Wednesday, November 30, 2011

Morning Brief: Central banks work in tandem to stem credit crunch; U.K. public workers strike over pensions; RIM will begin offering iPhone and other handset support

The credit crunch in Europe is reaching crisis levels (one of the reasons TNM continues to mention events in Morning Brief). The Italian bond rates, for instance, spiked well over 7 percent this week, causing observers to wonder if there was any way the country could avoid default.

Today six central banks acted to try and stop the run up in bond prices. The banks, the European Central Bank, U.S. Federal Reserve, the Bank of England and the central banks of Canada, Japan and Switzerland, are working together, it was announced.

The remedy is to make money cheaper to get for lenders facing rising bond prices. The move begins next week, which is a little strange. It is as if the banks are hoping that the promise of easy credit will be alone enough to ease the markets.

Stock markets in Europe are reacting to the news, with the German DAX up over four and half percent, back over the 6,000 level.

In what is being called the biggest strike in 30 years, public sector workers in the U.K. have walked off their jobs. The dispute involves pensions (whatever they are).

As in the U.S., the British conservative government is targeting public workers – teachers, police, fire, government employees – in the name of reigning in costs and lowering government debt obligations.

The move often works as the civilian workforce, which rarely enjoy pension benefits themselves, rarely support public employees who have negotiated these benefits in the past. Whether the Tory government, led by David Cameron, will be able to implement their plans remains to be seen.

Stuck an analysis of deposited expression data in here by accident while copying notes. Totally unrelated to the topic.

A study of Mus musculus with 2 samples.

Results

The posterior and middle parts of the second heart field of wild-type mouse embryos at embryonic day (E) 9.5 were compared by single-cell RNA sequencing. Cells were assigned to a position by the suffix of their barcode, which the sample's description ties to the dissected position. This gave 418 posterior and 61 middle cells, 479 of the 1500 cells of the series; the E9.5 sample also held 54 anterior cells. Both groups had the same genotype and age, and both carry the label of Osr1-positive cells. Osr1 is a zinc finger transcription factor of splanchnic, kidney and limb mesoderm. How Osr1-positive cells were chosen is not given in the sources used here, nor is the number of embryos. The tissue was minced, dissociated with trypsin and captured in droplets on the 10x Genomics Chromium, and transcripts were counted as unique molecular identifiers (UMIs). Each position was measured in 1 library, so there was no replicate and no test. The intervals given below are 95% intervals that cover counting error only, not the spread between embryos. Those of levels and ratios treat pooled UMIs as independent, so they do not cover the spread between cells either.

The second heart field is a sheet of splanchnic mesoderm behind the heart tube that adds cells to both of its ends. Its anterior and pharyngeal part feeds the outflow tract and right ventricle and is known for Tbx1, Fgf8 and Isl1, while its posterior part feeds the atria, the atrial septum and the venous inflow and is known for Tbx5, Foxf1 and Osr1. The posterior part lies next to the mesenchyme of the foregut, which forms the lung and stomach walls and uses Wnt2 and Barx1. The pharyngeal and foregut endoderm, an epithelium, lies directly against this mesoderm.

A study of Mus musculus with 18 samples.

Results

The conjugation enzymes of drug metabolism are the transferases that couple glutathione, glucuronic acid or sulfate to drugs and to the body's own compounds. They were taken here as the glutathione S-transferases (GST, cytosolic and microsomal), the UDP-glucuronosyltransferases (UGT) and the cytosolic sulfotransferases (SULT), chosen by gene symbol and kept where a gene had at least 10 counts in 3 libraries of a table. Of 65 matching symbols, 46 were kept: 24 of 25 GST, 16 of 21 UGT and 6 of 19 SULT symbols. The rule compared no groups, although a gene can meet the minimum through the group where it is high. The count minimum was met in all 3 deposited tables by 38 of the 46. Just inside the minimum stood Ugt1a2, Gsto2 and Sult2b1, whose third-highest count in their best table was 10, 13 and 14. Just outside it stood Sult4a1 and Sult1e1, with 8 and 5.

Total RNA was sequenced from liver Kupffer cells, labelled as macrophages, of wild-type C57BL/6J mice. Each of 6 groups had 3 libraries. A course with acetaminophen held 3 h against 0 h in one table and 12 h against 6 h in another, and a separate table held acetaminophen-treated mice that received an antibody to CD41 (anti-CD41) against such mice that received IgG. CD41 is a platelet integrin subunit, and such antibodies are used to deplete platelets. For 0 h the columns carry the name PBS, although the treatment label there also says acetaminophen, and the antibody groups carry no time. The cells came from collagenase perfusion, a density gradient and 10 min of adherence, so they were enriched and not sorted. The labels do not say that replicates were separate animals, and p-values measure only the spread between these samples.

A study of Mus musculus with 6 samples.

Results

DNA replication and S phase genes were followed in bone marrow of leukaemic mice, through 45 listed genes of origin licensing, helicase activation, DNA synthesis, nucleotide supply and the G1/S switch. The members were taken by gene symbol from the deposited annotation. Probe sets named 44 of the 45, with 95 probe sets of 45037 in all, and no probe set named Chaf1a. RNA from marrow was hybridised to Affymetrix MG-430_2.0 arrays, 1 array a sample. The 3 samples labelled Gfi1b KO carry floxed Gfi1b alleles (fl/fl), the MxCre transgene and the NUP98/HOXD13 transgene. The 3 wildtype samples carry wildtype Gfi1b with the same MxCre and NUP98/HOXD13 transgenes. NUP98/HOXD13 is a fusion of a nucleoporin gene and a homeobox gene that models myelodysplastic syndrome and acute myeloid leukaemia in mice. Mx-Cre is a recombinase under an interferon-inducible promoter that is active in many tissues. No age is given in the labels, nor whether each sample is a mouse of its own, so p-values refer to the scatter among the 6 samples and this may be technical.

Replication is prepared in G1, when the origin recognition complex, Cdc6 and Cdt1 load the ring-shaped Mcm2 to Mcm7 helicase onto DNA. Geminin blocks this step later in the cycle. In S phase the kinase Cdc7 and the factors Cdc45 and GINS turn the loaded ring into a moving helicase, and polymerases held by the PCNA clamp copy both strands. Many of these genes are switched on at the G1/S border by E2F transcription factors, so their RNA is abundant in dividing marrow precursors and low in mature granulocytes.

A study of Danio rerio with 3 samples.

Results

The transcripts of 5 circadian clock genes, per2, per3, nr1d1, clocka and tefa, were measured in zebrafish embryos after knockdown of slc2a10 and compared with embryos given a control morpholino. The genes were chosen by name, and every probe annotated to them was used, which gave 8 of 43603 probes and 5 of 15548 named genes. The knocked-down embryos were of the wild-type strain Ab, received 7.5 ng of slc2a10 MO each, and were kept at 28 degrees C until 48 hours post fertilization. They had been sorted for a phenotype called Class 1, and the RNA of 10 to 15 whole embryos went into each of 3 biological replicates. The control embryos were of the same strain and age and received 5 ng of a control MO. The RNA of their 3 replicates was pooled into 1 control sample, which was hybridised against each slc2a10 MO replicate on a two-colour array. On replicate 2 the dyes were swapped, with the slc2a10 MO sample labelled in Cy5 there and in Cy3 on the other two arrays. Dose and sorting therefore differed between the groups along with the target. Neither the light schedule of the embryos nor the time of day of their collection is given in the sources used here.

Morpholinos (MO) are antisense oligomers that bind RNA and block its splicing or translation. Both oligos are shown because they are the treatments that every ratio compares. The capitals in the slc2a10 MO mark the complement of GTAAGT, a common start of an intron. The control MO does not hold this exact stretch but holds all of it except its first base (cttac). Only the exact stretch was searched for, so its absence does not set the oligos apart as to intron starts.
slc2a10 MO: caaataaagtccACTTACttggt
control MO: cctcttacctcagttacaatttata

Meanwhile, in the U.S., voters in Ohio recently reversed the law passed by the Republican government and legislature, while in Wisconsin, signatures are being gathered in an attempt to recall Governor Scott Walker.

It hasn't been often lately that you could say Research In Motion has made a good and logical move, but this is one: RIM says they will begin support iPhones and other smartphone handsets in an attempt to save the relationship with their corporate clients.

According a Bloomberg report last night, the new device-management software, called BlackBerry Mobile Fusion, will be available early next year and will run along side, or in place of BlackBerry Enterprise Server networks RIM now operates for its clients.

The move recognizes something that it seemed RIM didn't, at least until now, that their business was as much about serving business clients through services as it was selling handsets. Losing the handset wars didn't have to mean losing business clients if, and this is the big "if", if RIM worked to incorporate non-RIM systems into their corporate support services.

This move may be too late for RIM, however, since so many clients have had to move towards support of popular smartphone systems without RIM.

The India edition of the Wall Street Journal is reporting that Pakistani cable operators have begun blocking the BBC World News from its cable channels following the Beeb's airing of a two-part documentary, "Secret Pakistan".

The documentary series portrays the Pakistani army as collaborating with the Taliban.